Portable Raman spectroscopic devices have become part and parcel of every pharmaceutical manufacturer’s QA/QC toolbox. These mobile devices are being embraced for an increasing range of applications, from raw materials identification to API classification to counterfeit detection. They may soon become more prevalent even as a means of characterizing finished-dosage forms.
Portable Raman is experiencing somewhat of a heyday, thanks to an obvious need within industry for better, faster quality and inspection tools, and thanks to regulators who have pushed vendors and manufacturers to collaborate in order to develop these tools.
Inside FDA, a leading proponent of Raman as a solution for ensuring the safety and purity of raw materials, APIs, and finished product is John Kauffman, a research chemist within CDER’s Division of Pharmaceutical Analysis (DPA). Kauffman has written and presented extensively on Raman and other analytical technologies. Here, Pharmaceutical Manufacturing Senior Editor Paul Thomas asks Kauffman about what manufacturers need to know about portable Raman as technology improves and becomes easier to use.
PhM: Portable Raman and other spectroscopic devices have rapidly gained in popularity for pharmaceutical raw material inspection (with increasing encouragement by FDA). How significantly have these devices improved over the past few years? Would you say that it’s possible to get “lab quality” results in the field?
J.K.: The technologies that enabled the development of portable Raman spectrometers were holographic sharp cutoff and notch filters and battery powered, narrow-band laser diodes. These components have been available for many years. Incremental improvements in the sharpness of the filter cutoff can improve the wavelength range of portable Raman spectrometers, and frequency stabilization of the diode lasers may improve the instrument resolution if it is laser bandwidth limited.
But many recent innovations in portable Raman spectrometers have focused on other design elements that often depend on the vendors’ target markets. For example, some instruments are designed for ruggedness, while others are designed to be small enough to fit in a pocket. One encouraging development is that vendors are improving the user interface to simplify the use of these instruments by non-experts, and some vendors are also developing chemometric tools that offer flexibility for method development scientists.
The typical figures of merit for Raman spectrometers are spectral range, resolution, signal collection times and signal-to-noise ratio. Vendors of portable instruments must also consider the size, weight and form factor of their instruments, and are therefore faced with a set of trade-offs between measurement characteristics and portability during instrument development. Signal collection times depend on laser power, detector sensitivity and the optical throughput of the instrument, and this consideration is often more important in field applications than in lab applications.
Signal-to-noise ratio can be improved by cooling the detector to temperatures at which thermal noise is negligible. Unfortunately this feature generally requires heavy components and has a high power demand. There are some portable instruments with low temperature detectors (i.e., less than -40 °C) but they tend to be larger and heavier. Most portables with cooled detectors use single-stage thermoelectric cooling to drop the temperature by 20 °C or so below ambient temperature, and this helps, but very few portable spectrometers can match the signal-to-noise performance of laboratory instruments.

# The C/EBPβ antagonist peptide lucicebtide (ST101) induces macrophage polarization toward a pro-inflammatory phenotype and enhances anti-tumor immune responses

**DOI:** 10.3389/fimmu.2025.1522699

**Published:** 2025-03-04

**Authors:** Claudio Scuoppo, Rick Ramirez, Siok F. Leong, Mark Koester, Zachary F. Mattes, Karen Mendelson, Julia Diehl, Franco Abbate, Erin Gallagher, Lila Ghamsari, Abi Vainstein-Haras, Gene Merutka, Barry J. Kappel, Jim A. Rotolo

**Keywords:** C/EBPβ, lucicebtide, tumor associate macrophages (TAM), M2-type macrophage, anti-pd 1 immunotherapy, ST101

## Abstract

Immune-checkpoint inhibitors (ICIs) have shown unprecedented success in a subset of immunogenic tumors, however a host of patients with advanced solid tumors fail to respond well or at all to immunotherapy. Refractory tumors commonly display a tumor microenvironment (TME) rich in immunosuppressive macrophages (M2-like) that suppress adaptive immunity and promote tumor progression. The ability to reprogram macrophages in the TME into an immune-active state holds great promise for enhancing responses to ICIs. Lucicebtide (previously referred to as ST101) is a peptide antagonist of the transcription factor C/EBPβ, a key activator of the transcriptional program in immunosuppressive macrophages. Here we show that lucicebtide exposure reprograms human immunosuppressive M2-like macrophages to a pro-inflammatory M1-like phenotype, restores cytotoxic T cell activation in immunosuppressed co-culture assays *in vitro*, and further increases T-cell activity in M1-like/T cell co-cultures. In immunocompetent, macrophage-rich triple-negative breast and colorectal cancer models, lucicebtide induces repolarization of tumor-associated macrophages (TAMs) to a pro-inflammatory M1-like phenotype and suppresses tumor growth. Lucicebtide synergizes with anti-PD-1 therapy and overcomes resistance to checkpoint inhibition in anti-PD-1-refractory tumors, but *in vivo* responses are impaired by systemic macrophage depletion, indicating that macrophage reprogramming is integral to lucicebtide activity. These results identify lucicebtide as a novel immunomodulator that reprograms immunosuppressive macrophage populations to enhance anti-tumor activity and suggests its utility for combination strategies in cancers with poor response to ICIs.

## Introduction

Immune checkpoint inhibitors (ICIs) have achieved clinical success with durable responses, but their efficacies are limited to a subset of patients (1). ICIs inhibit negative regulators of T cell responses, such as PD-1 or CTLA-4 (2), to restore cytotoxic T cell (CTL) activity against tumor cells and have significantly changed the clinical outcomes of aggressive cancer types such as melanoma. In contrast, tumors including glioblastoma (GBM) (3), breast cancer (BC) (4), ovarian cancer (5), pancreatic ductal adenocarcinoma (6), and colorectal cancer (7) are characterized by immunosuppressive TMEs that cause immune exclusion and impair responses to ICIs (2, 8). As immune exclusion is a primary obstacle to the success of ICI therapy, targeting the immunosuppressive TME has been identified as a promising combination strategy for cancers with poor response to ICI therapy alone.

Resolution is determined in part by the focal length of the spectrograph, so vendors of portable instruments have to strike a compromise between size and resolution. Laboratory instruments usually do not have these constraints, so one can expect better resolution and better signal-to-noise ratios from benchtop Raman spectrometers. Similarly, if spectral range is important for a given application, laboratory spectrometers with double or triple monochromators are available.
Having said this, we have utilized portable Raman instruments from a number of vendors, and their resolutions, ranges, signal-to-noise ratios and collection times have been adequate for most of our applications.
PhM: Are drug manufacturers making use of these portable inspection technologies to the degree that they should—with APIs and also with excipients?
J.K.: Nearly every major pharmaceutical innovator firm has a program in Raman spectroscopy. These programs support applications such as raw materials identification, API characterization, counterfeit detection, and characterization of finished dosage forms. Raman spectroscopy is often very useful for APIs because they are often strong Raman scatterers, whereas many excipients exhibit Raman spectra with broad features and high background.
I am not aware of any applications of Raman spectroscopy for excipient characterization within the pharmaceutical industry, with the exception of excipient identification. As you know, the FDA Division of Pharmaceutical Analysis initiated an Excipient Library program about 1 year ago, in collaboration with IPEC. We hope to develop chemometric methods that allow us to assess certain quality attributes of excipients.
With respect to the use of Raman spectroscopy in process control, it’s best to consider this question by comparison to near infrared (NIR) absorbance applications. NIR has been utilized in the pharmaceutical industry since the late 80s and early 90s, but it has only been in the last 8-10 years that we have seen a significant number of NIR methods in new drug applications. Raman spectroscopy is probably 10 years behind NIR in terms of its development as a tool for pharmaceutical manufacturers, so while we have seen very few Raman methods in new drug applications to date, we anticipate an increasing number in the future.